This week, health workers from different government-run hospitals in Manila staged a protest action right in front of the Department of Health gate in Santa Cruz to underline their grievances against the COVID-19 Active Hazard Duty Pay and Special Risk Allowance under Bayanihan Law 2 and its subsequent Administrative Orders 35 and 36, and DBM-DOH Joint Circulars 1 and 2.
We heard them, through the statement of Robert Mendoza, Association of Health Workers National President: “We are disappointed with the provisions for health workers’ benefits under Republic Act 11494 or the Bayanihan 2 which is reiterated in Joint Circulars 1 and 2, series 2020 of the DOH and the Department of Budget and Management.
“The law is selective which deceives and divides our ranks. It does not show its recognition for health workers’ sacrifices for helping in the mitigation of COVID-19.”
The referred to benefits of “Special Risk Allowance” are given to “health workers directly catering to or in contact with COVID-19 patients for every month that they are serving” while “Active Hazard Duty Pay” is given to temporarily hired Human Resources for Health to augment the current health workforce.
Another cause for concern is that the benefits are, in the view of AHW, pro-rated, meaning they are to be calculated on the actual number of days in a month of actual duty.
Then we hear another sentiment, this time from Ernesto Bulanadi, President of the Tondo Medical Center Employees Association-Alliance of Health Workers: “As we enter the hospital gate, the threat of being infected due to COVID-19 is already there since this virus is an aerosol-borne. In a hospital setting, the virus does not select who and where to infect. Some of our ranks in non-COVID-19 areas and wards are infected even if the patient has been screened before.”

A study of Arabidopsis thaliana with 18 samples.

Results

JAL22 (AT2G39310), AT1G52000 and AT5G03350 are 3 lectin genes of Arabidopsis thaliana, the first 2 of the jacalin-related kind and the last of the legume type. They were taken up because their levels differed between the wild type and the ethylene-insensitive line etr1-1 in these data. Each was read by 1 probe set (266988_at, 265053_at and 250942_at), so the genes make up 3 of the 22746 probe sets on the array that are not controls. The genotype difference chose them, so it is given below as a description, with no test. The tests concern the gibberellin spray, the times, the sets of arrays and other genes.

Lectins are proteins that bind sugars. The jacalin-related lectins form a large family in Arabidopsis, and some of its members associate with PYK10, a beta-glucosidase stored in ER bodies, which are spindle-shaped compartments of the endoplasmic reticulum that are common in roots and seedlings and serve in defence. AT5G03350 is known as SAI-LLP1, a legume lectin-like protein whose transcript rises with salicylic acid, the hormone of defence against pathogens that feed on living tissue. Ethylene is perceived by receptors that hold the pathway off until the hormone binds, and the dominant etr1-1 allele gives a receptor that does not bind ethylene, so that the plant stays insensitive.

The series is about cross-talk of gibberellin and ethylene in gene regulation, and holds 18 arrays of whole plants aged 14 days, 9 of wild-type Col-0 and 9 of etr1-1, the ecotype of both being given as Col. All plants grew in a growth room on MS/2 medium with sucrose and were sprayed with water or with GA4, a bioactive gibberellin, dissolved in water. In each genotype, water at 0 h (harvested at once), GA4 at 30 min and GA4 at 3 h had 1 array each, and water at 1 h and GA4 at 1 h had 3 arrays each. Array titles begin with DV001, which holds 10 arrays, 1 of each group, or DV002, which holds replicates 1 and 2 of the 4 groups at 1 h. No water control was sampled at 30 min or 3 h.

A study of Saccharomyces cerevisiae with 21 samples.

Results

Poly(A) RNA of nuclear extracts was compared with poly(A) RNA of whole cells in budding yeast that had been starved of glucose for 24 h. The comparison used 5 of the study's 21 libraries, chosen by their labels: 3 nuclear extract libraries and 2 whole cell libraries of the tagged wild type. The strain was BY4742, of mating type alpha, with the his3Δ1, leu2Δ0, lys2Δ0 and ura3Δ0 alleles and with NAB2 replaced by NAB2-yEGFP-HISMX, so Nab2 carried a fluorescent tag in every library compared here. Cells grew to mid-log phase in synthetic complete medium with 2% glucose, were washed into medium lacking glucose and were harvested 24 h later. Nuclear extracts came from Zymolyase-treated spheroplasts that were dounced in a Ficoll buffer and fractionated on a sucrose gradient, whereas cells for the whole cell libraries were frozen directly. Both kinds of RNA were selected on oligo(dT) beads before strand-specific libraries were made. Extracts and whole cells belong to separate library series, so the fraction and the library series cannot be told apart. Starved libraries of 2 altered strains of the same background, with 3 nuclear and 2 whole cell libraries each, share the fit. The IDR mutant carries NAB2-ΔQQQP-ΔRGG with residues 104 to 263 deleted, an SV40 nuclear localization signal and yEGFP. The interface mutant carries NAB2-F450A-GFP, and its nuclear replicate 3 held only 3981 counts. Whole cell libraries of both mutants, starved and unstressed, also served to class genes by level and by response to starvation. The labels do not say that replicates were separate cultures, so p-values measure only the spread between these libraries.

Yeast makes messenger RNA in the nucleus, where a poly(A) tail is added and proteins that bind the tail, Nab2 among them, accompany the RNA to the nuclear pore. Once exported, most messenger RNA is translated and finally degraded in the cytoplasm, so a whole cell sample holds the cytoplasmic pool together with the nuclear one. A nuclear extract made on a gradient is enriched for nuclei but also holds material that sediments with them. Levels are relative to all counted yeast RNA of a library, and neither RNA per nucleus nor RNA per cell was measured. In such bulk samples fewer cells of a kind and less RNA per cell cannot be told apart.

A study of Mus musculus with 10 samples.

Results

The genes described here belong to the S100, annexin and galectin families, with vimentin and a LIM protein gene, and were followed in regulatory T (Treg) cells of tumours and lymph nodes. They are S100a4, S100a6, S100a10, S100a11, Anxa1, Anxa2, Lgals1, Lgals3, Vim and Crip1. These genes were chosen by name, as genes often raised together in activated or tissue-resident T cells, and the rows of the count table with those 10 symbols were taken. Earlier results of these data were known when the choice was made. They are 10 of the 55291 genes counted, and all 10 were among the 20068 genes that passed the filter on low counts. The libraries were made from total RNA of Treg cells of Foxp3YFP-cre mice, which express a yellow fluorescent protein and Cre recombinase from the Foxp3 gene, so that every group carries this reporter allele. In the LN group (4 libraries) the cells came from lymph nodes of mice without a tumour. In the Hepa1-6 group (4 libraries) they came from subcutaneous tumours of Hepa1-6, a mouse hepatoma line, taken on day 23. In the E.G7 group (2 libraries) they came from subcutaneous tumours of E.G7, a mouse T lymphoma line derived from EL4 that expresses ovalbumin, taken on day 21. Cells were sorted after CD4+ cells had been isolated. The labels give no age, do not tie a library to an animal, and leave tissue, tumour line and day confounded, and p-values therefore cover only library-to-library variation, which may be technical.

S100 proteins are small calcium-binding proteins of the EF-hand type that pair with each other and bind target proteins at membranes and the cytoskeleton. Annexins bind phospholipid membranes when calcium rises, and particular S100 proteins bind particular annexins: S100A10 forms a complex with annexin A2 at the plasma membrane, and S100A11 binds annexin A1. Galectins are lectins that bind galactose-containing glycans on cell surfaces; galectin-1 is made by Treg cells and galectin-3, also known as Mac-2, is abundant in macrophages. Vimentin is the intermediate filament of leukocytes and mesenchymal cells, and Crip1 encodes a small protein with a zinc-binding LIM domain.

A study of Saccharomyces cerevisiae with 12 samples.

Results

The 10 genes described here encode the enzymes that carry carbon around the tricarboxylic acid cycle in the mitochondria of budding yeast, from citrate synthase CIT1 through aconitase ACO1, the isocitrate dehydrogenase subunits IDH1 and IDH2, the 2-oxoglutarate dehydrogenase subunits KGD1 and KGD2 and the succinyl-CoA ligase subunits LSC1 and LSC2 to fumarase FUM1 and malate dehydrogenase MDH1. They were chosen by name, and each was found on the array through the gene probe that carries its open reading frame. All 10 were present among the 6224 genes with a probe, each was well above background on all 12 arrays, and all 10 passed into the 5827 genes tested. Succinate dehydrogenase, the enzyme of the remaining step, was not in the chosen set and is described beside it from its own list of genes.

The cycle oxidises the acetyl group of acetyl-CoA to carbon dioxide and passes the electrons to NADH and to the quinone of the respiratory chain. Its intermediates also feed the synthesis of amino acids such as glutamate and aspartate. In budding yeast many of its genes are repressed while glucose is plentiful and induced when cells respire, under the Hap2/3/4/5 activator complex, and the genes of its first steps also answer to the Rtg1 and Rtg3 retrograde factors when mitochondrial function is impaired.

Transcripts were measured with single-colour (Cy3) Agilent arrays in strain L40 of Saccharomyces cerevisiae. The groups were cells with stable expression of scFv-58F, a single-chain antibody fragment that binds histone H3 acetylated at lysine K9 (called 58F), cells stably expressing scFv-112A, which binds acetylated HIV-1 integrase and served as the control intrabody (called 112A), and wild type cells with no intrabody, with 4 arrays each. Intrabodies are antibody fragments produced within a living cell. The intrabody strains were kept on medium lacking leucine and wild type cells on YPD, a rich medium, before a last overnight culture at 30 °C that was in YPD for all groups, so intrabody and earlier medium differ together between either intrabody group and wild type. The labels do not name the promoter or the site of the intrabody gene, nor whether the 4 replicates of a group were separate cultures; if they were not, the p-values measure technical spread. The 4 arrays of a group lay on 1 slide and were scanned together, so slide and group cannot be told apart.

We take the AHW’s beef, that the Administrative Order 35 and 36 — which serve as the implementing guidelines for the grant of Active Hazard Duty Pay and COVID-19 Special Risk Allowance respectively – further bring more confusion and false hope to all health workers that they will all receive and enjoy the said benefits.
The DOH even went further in its press release on November 28, 2020: “As health workers, many of us in the DOH – including members of our Executive Committee, have experienced working on the ground, in our health facilities, which is why we understand the challenges in the front lines — being overworked, underpaid, demoralized, and in this pandemic, even more vulnerable.”
Let’s listen to Bulanadi: “We ask the DOH Secretary (Francisco Duque III) why he cannot defend and justify that all health workers reporting for duty within the premises of the hospital and health facilities deserve to get an equal COVID-19 Special Risk Allowance and Active Hazard Duty Pay.
He adds: “Where is the DOH’s concern for health workers during this difficult time of pandemic and health crisis, when one of our feet is already buried in the grave to help our government mitigate this virulent disease? We are not given with even a slightest benefit as a token recognition for the dangerous threat to our safety and lives.”
Perhaps the workers’ dismay may be dampened with reports that the House Committee on Ways and Means has approved in principle the consolidated measure seeking to provide a 25 percent discount to the personal income taxes of COVID-19 medical front liners.
During its meeting, the panel approved the unnumbered substitute bill consolidating House Bills 7351, 984, 2901, 3751, 7523, and 7978, which all sought to provide various forms of incentives to medical professionals providing services amid the COVID-19 pandemic.
House panel chair Joey Salceda said the committee agreed to approve the measure “because we do not want to tax the hazard pays and other allowances earned by the front-liners from COVID-19.”
House Bill 7351 initially sought to exempt from taxation for 2020 medical and non-medical front liners who are directly serving, treating, caring, aiding and assisting COVID-19 patients.
However, the Department of Finance pointed out that doing so would entail a revenue loss of P9 billion.
In the meanwhile, we call on authorities to listen to the complaints of the tired and challenged front liners. They must not do anything less.